Futures on the S&P 500 Index slid as reports North Korea fired a missile over Japan rekindled geopolitical angst two weeks after the U.S. president warned aggression would be answered harshly.
September contracts dropped 0.7 percent as of 6:50 p.m. in New York. An exchange-traded fund tied to the equity benchmark, ticker SPY, lurched just after 5 p.m., losing about half a percent in five minutes, before futures opened and extended the decline. The missile probably landed off the eastern coast of Hokkaido, according to Japanese broadcasting service NHK.
“Things could spin out of control,” Erick Ormsby, chief investment officer of Alcosta Capital Management in San Ramon, California, said by phone. “Investors are worried that Trump will do something to cause an attack on North Korea. If that happens, you’d have a lot of uncertainty as to where that goes. It’d elevate everything quickly to a tenuous point.”
Futures on the CBOE Volatility Index rose 7 percent after the VIX closed the Monday session at 11.3, down from its 2017 high of 16.04 reached Aug. 8.
“In an environment where equities have been rather soft recently, the news causes me and our firm to have concerns about the stability of equity prices,” said Tim Ghriskey, the chief investment officer at Solaris Asset Management in New York. “We already see that it’s causing significant fear in the aftermarket. It could be a very messy day in the market tomorrow, especially if the situation escalates.”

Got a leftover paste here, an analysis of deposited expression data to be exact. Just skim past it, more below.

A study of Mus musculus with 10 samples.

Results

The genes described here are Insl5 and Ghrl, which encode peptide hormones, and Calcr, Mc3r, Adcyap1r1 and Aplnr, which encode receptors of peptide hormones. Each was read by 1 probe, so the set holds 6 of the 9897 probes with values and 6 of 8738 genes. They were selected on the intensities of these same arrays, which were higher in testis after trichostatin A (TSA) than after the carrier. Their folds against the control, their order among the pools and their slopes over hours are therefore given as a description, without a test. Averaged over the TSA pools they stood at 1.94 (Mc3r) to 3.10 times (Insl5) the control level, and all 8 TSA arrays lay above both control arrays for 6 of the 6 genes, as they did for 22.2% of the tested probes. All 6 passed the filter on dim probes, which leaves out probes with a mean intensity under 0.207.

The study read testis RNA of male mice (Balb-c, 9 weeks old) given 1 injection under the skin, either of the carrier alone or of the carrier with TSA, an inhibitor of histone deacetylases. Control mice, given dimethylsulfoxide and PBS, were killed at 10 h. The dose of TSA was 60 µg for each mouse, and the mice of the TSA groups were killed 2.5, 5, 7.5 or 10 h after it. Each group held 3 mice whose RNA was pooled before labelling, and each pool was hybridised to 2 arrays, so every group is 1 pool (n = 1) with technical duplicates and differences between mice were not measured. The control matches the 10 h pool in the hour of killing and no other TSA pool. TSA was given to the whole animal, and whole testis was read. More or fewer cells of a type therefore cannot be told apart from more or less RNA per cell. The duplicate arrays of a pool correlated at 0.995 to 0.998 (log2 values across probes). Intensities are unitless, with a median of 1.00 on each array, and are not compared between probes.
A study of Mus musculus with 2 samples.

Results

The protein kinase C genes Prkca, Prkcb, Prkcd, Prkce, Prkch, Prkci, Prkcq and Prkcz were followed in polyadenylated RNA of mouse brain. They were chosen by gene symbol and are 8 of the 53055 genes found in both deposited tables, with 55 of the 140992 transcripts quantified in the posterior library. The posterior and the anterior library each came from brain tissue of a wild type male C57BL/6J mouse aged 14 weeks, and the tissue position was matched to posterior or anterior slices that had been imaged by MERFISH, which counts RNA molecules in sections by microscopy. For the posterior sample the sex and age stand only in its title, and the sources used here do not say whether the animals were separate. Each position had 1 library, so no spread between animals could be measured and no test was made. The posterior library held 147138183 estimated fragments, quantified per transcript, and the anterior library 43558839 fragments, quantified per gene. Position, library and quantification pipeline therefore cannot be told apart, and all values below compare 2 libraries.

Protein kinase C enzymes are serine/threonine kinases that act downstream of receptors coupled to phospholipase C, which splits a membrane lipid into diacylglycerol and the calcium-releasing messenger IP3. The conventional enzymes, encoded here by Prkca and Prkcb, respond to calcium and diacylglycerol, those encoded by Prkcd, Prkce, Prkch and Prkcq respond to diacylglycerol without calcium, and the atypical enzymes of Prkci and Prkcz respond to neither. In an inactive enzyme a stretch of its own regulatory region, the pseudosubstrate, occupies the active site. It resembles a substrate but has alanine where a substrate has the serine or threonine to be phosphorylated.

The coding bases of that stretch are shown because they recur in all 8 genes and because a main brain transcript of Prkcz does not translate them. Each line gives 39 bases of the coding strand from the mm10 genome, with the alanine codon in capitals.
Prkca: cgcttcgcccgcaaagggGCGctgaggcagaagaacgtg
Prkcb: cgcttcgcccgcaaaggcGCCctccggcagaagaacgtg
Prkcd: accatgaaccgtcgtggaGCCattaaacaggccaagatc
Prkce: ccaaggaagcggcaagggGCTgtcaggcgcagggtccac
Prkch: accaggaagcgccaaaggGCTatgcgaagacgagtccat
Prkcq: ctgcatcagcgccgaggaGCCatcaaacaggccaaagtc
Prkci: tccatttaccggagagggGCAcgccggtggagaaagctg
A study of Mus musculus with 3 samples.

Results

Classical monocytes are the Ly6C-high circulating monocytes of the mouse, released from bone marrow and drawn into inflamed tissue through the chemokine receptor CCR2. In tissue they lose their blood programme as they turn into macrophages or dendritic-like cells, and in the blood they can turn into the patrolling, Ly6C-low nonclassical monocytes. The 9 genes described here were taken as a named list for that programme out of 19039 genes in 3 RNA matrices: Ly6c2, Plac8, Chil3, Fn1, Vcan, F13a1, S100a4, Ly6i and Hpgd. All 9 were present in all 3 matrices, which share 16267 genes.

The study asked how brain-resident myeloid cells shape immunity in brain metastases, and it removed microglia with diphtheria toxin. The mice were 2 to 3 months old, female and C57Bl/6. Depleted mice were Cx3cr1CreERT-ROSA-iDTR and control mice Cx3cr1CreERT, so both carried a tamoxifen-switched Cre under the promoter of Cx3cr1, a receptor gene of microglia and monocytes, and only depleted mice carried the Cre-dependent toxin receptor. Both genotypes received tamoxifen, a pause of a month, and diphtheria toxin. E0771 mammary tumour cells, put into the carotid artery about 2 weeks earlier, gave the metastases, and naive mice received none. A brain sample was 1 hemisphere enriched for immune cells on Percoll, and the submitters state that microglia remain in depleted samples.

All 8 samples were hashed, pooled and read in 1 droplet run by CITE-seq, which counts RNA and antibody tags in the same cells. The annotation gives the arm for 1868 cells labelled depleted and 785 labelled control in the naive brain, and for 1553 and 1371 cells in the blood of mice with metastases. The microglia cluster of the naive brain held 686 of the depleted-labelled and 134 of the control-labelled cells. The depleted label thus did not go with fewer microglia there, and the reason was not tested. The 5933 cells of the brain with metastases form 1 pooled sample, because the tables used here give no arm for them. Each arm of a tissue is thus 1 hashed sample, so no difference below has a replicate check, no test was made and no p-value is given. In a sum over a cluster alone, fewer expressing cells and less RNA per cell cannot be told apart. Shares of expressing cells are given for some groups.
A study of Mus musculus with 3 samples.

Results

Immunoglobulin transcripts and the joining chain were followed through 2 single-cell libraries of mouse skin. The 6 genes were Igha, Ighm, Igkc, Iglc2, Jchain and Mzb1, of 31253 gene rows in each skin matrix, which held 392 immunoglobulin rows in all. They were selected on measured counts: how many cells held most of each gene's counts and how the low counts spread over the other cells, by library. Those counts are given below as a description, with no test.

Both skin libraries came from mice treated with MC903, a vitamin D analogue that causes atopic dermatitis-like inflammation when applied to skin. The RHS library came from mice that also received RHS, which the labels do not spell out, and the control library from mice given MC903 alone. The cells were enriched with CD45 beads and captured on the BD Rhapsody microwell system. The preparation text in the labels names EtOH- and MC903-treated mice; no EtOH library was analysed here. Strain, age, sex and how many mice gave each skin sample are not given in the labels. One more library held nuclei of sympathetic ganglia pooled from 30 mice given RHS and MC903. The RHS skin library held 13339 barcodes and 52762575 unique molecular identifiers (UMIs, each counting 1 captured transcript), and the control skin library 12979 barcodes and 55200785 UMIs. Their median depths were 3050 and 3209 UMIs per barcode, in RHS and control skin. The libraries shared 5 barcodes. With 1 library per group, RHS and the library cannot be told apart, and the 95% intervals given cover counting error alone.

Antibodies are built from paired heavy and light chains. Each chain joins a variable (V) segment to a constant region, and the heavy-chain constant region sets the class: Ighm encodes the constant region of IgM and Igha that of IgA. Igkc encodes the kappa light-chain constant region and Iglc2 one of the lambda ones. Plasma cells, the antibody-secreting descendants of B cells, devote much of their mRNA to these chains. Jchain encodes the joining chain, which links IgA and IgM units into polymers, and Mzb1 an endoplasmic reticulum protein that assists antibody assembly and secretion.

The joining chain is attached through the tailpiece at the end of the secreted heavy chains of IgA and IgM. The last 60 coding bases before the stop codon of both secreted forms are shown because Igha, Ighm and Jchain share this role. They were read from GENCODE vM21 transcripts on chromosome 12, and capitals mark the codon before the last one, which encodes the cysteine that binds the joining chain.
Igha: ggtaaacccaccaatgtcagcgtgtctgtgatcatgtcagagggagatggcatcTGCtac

Some of the stock market’s biggest swoons have recently come amid anxiety over North Korea. Japanese Prime Minister Shinzo Abe told reporters in Tokyo that the missile appeared to have passed over Japan airspace and that the government was collecting intelligence on the incident and ensuring the safety of citizens, according to remarks broadcast on NHK.
Two weeks ago, the S&P 500 halted an unprecedented stretch of calm in American equity markets and the CBOE Volatility Index spiked to its highest since April after Trump dialed up his warning on threats to American allies. He said on Aug. 8 that North Korea will be “met with fire and fury and, frankly, power the likes of which the world has never seen before” if Kim Jong Un’s regime keeps making threats.
The after-hours reaction in futures followed a relatively calm session in which investors weighed damage from Tropical Storm Harvey on Texas. In regular trading Monday, U.S. stocks ended mixed, oil declined and gold broke through $1,300 an ounce.
“As of now, it looks like a knee-jerk reaction to a surprising piece of news,” Frank Cappelleri, a technical analyst at Nomura Instinet LLC, said of the futures trading. “Similar occurrences to other geopolitical events have come and went without a major long-term effect the last few weeks.”
On Saturday, North Korea fired three short-range ballistic missiles, a move that came after Kim Jong Un’s regime strongly criticized U.S.-South Korea joint military drills. U.S. Pacific Command said that afternoon that two of the missiles flew 250 kilometers (155 miles). The other appeared to have blown up immediately.
The U.S. and its allies have warned Kim against following through with a threat to launch missiles toward Guam, home to key American military bases in the Pacific. Japan earlier this month deployed four Patriot missile interceptors into the western part of the country, which would be under the flight path toward the U.S. territory.
North Korea has conducted more than a dozen missile tests this year, including two ICBMS, leading to a war of words earlier this month between Trump and Kim’s regime that rattled global markets. Tensions cooled in recent weeks, with Trump saying last Tuesday that Kim was beginning to respect the U.S.